05/07/2008 10:27 pm ET Updated May 25, 2011

Amy Goodman is Wrong About Food Price Inflation

If the competition between Activists and Big Business were played out as a baseball game, we would see the Activists lineup featuring a fantastic infield and pitching staff, but no outfield, probably because the brawn needed to throw from center field to home plate is missing in left wing circles.

Big Business does not have nearly the same talent and brain power, but they do have a decent outfield so when these two teams play, Big Business hits loopy inside-the-park home runs that win ball games while Activists agonize and bicker over strategy.

Amy Goodman's recent comments regarding the current food crisis is a case in point.

The recent surge in food prices, and commodity prices across the globe is not caused by the actions of speculators, as she suggests. Sure, speculators play a part, but blaming speculators for this surge in food prices is like blaming looters for the food shortages and riots in Haiti. Speculators and looters are just grabbing what they can grab while the grabbing is good; they don't cause the problem.

The deeper problem, the problem that Activists need to talk about correcting, but never do, because, in their mind, it means (erroneously) eliminating jobs -- is the problem of extremely low interest rates and too much money in circulation -- not too little. That's right. Too much money, not too little. Keep in mind that when people talk about money, they falsely think they are talking about something with limited availability whose value ebbs and flows based on supply and demand. No. None of that kind of asset backed money is used by any government in the world today. Today's global money supply is actually just trillions worth of interest bearing IOU's that people, companies and countries swap with each other in a global game of fiat currency chicken. The one holding the biggest stash of fiat currency loses. This is something German banks just discovered. They thought they were holding U.S. AAA mortgage backed paper. Ooops.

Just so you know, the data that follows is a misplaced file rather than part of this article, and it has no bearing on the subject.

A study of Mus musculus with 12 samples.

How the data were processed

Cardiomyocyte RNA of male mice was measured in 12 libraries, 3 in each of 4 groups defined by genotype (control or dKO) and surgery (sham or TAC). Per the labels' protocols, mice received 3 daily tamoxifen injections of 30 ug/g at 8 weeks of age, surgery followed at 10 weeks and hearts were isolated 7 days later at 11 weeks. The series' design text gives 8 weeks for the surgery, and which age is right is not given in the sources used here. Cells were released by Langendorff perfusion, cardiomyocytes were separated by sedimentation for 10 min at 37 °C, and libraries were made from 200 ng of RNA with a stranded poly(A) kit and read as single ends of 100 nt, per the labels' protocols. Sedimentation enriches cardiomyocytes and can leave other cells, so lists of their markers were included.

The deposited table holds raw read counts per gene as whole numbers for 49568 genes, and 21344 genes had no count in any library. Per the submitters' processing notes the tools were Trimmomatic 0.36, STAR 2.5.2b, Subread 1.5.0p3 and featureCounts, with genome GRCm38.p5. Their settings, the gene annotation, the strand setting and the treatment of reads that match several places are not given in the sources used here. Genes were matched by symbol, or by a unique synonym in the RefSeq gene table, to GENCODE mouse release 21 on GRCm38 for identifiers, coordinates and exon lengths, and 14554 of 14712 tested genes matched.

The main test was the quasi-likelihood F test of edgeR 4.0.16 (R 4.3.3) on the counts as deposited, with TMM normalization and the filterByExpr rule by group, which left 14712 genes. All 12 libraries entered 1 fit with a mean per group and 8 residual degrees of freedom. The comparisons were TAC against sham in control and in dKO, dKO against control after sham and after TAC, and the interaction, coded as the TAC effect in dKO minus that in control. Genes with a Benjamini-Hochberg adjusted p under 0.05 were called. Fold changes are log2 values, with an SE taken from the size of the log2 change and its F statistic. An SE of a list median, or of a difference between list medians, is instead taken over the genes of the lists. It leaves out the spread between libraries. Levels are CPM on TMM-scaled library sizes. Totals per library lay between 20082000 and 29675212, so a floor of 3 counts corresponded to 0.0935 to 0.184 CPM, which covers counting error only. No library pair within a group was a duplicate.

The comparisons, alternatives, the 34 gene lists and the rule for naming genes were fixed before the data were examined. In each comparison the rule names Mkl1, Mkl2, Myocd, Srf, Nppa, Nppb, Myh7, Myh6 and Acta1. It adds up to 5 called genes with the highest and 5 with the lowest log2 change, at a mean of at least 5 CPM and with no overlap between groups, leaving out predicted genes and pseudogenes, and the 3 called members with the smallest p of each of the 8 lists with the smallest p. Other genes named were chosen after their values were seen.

The fact that virtually all of the problems identified by Activists as threats are actually the result of there being too much of these IOU's instead of there not being enough of them goes against every bone in Activist's bodies. And yet, there it is. The current food crisis a prime example.

The Right Wing knows, but isn't saying because they do not want to kill the golden fiat currency goose, that the systemic problem underpinning the food crisis is the inability of American and various world central banks to allow for the price of money to be set by the market instead of the cheap money loving Politburo of America's Federal Open Market Committee (FOMC). To allow the markets to set interest rates would mean less fiat currency and less fees for bankers, so they naturally override the system and make money artificially cheap to pay for mergers and acquisitions and pay themselves really fat year-end bonuses.

If the price of money, or interest rates (the more familiar term), were set by the supply and demand of the market; the dot-com boom and bust, housing boom and bust, and now agricultural boom (the bust has yet to be written) would not have inflated the global commodity markets the way that it has.

Activists need to get their head around this and address this problem with a degree of financial literacy that is currently lacking. When Amy Goodman had Alan Greenspan on her show recently, neither Amy Goodman nor guest Naomi Klein touched on the issue of money supply. It was actually Jon Stewart in his interview with Alan Greenspan who scored a solid home run against the former Fed Chairman when he rightly made the connection between money supply and price inflation.

To remedy the 'hole in center field,' (to keep my baseball analogy going) the Left needs to argue for higher interest rates. Additionally, a study of how interest rates are set needs to be commissioned, followed by a discussion of whether or not America wants to be a a free market economy or continue as it is now - a command and control communist-like Corporate Union without a free market price discovery mechanism setting interest rates.

Additionally, the Left in America must not be suckered into falling into the trap of believing what the Right tells them -- that raising interest rates means economic doom and job loss. Nonsense. Sure, raising the price of capital adds cost but so what? It also adds stability, reduces volatility, increases returns on savings and pensions, cuts inflation, discourages rogue traders and reckless speculation and supports the dollar. Plus, if interest rates were set by market forces instead of government fiat the playing field would be level and encourage more entrepreneurs of whatever party affiliation to start more companies and create more jobs -- way more than would possibly be lost by an increase in interest rates. Conversely, low rates encourage monopolies that results in fewer jobs.

The Left in America needs to beef up on its macro-economics understanding of money and credit before leaping into the fray of discussing global food prices or be left to stare perplexed as another inside-the-park home run hit by the Right and Big Business who add more runs the score board virtually unopposed.